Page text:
Anna Anderson, the woman who claimed for most of her life to be Grand Duchess Anastasia of Russia, was an eccentric who today could probably star in the television series "Hoarders."
But her life and the mystery surrounding her claim is the subject of the interesting recent biography "The Resurrection of the Romanovs: Anastasia, Anna Anderson and the World's Greatest Royal Mystery," by Greg King and Penny Wilson.
Scientists proved conclusively a few years ago that 17-year-old Grand Duchess Anastasia was murdered along with the other members of the Russian Imperial family in July 1918.
Submitted Photo - - At 432 pages, “The Resurrection of the Romanovs” retails for $35.
Andrea Johnson is a staff writer for The Minot Daily News.
Anderson, whose real name was Franziska Schanzkowska, was a Polish-Kassubian factory worker who stumbled into the story when she was taken to a mental hospital after a suicide attempt. One of the other patients noticed a resemblance between the unknown patient and a picture of the czar's daughter in a magazine.
For whatever reason, perhaps simply because becoming Anastasia sounded more interesting than her own life, Anderson didn't deny it when asked.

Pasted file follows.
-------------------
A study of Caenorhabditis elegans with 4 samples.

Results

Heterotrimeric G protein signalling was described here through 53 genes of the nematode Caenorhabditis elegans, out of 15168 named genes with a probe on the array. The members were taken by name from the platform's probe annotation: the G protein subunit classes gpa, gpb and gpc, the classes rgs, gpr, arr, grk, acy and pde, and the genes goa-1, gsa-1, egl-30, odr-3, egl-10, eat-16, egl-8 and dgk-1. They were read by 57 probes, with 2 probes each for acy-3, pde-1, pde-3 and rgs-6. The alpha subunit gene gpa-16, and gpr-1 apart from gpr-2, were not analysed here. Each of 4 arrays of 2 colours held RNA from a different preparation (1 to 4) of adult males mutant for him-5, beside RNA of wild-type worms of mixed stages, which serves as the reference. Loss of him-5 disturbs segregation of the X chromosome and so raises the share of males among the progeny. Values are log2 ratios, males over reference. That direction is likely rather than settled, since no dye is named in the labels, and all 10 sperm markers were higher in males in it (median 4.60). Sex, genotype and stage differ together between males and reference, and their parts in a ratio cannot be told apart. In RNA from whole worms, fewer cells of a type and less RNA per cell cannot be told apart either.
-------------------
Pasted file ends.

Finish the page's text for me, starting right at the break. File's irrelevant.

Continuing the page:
Eventually the mystery surrounding her led her to make contact with Russian exiles, people who had known the real Anastasia and wanted to be convinced. The mystery was still unsolved when Anderson died in the early 1980s.
King and Wilson do an expert job of reconstructing the story and where Anderson might have picked up some of the inside information she knew about Anastasia's family life. The book also delves further into Schanzkowska's family background than any previous work I've read and attempts to decipher her motivation and those of family members who let her charade continue.
This is a book well worth reading for anyone who has ever been intrigued by Anastasia and the Romanov family.